U.S. Supreme Court building Photo: Diego M. Radzinschi / LEG

Those who thought the current term of the U.S. Supreme Court was a yawner had to rethink their views Monday, as the justices ended the term with major news on President Donald Trump’s travel ban, church-state relations and gay rights, among other hot-button issues.

The court handed down six decisions, issued dozens of orders, asked the government for its views in four cases, granted review in new cases and scheduled two cases for reargument in the fall.

The only letdown—or bright spot, depending on your viewpoint—was that no justice announced retirement. Social media posters were in near hysteria over rumors and speculation that Justice Anthony Kennedy or Clarence Thomas, or both, were ready to hang up their robes. As of press time Monday, nobody was departing.

The only retirement that Chief Justice John Roberts Jr. announced from the bench was that of journalist Lyle Denniston, who has covered the Supreme Court since 1958—before two of the current justices, Elena Kagan and Neil Gorsuch, were born.

It’s a lot to process. Here are the stories we posted about today’s Supreme Court action:

Inside the Supreme Court, There Was Kennedy and Everyone Else

Kennedy, hosting a reunion for his clerks on June 24, addressed the speculation that he would be retiring: “There has been a lot of speculation about … a certain announcement from me tonight,” he said, according to the blog Above the Law. “And that announcement is: the bar will remain open after the end of the formal program!”


The U.S. Supreme Court on Monday partially allowed President Donald Trump’s executive order suspending immigration from six Muslim-majority nations and the U.S. refugee program to take effect and agreed to hear arguments on the order’s legality in the fall. The travel ban, which may go into effect within 72 hours, was narrowed by the justices to apply only to foreign nationals who have no “credible claim of a bona fide relationship with a person or entity in the United States.”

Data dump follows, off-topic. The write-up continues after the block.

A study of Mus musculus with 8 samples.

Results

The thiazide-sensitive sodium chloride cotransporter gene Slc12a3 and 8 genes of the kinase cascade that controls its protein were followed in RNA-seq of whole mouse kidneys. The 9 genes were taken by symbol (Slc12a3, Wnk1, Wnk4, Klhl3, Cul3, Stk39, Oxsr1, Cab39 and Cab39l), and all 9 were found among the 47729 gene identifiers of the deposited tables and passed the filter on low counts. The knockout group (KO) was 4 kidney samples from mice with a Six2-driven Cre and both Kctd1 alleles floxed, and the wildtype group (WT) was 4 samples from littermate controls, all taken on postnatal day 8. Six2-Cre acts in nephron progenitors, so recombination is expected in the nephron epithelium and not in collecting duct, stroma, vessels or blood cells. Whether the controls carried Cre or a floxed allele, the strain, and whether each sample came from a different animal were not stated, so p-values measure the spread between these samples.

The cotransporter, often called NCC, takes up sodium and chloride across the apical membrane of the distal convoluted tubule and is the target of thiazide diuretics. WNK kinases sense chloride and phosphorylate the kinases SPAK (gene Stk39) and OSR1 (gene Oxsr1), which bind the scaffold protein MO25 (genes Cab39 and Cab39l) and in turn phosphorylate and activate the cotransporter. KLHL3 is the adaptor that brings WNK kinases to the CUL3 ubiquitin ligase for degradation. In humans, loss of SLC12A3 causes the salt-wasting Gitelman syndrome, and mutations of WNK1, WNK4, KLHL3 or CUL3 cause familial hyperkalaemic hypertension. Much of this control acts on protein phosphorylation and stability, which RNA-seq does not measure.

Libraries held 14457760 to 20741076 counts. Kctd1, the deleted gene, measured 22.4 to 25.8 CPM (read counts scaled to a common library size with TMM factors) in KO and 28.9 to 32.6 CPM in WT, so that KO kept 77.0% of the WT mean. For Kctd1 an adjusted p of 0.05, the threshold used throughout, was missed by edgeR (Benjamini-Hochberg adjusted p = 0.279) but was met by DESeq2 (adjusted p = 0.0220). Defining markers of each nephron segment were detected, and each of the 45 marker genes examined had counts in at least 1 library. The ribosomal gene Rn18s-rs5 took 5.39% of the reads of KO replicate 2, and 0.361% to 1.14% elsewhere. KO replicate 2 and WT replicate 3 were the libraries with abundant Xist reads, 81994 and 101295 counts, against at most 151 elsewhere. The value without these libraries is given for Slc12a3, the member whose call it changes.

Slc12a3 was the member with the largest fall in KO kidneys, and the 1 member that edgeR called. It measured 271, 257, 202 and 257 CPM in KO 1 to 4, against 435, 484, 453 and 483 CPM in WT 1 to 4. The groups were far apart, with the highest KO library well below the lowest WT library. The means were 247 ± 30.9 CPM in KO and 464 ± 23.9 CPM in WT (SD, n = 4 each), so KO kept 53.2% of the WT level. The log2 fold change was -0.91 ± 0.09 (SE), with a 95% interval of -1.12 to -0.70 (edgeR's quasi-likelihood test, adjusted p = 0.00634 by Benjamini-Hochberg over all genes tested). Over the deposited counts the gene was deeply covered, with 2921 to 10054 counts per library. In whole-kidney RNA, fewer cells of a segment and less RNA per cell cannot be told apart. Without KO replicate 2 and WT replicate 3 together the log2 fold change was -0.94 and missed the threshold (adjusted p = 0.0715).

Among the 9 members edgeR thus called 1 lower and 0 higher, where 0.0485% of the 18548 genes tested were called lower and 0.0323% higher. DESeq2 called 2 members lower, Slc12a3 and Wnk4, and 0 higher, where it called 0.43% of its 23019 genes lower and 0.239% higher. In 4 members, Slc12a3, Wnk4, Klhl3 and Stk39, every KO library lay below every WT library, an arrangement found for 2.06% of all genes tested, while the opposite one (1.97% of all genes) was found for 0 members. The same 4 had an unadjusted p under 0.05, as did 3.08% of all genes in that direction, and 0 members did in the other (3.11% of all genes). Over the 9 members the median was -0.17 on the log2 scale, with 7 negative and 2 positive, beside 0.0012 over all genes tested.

The U.S. Supreme Court put another hurdle in the path of class action plaintiffs Monday with a 5-4 ruling that strictly interpreted deadlines for opting out of ongoing securities litigation. Ruling on the final sitting for its current term, the court said a three-year deadline should govern and prevent later lawsuits in class actions.


Federal appellate courts have struggled recently over exactly when a corporate insider becomes a whistleblower who’s entitled to the Dodd-Frank Act’s protections against retaliation. The U.S. Supreme Court’s now jumping into the fray to resolve tension among the lower courts, agreeing Monday to take up Digital Realty Trust Inc. v. Somers from the U.S. Court of Appeals for the Ninth Circuit.


The U.S. Supreme Court on Monday sided with a Missouri church in a closely-watched First Amendment case, ruling 7-2 that states cannot exclude religious institutions from obtaining funds from neutral government grant programs. Justice Sonia Sotomayor, joined by Justice Ruth Bader Ginsburg, dissented. “This case is about nothing less than the relationship between religious institutions and the civil government—that is, between church and state,” Sotomayor wrote.


Two years after embracing same-sex marriage, the U.S. Supreme Court on Monday agreed to deal with a repercussion from its ruling by taking up the case of a Colorado baker who refused to make a custom wedding cake for a gay couple.


The U.S. Supreme Court on Monday revived a Mexican family’s attempt to hold a U.S. Border Patrol officer liable for the shooting death of their unarmed teenage son on foreign soil, and ordered reargument next term in two unrelated immigration cases.  


The U.S. Supreme Court, declining to step back into the contentious arena of gun regulation, refused on Monday to review the constitutionality of California’s restrictions on the concealed and open carry of guns. The justices’ refusal to take up Peruta v. California came on the heels of the June 14 shooting in Virginia that wounded five, including a congressman, at a baseball practice. The court last took up a major Second Amendment challenge seven years ago.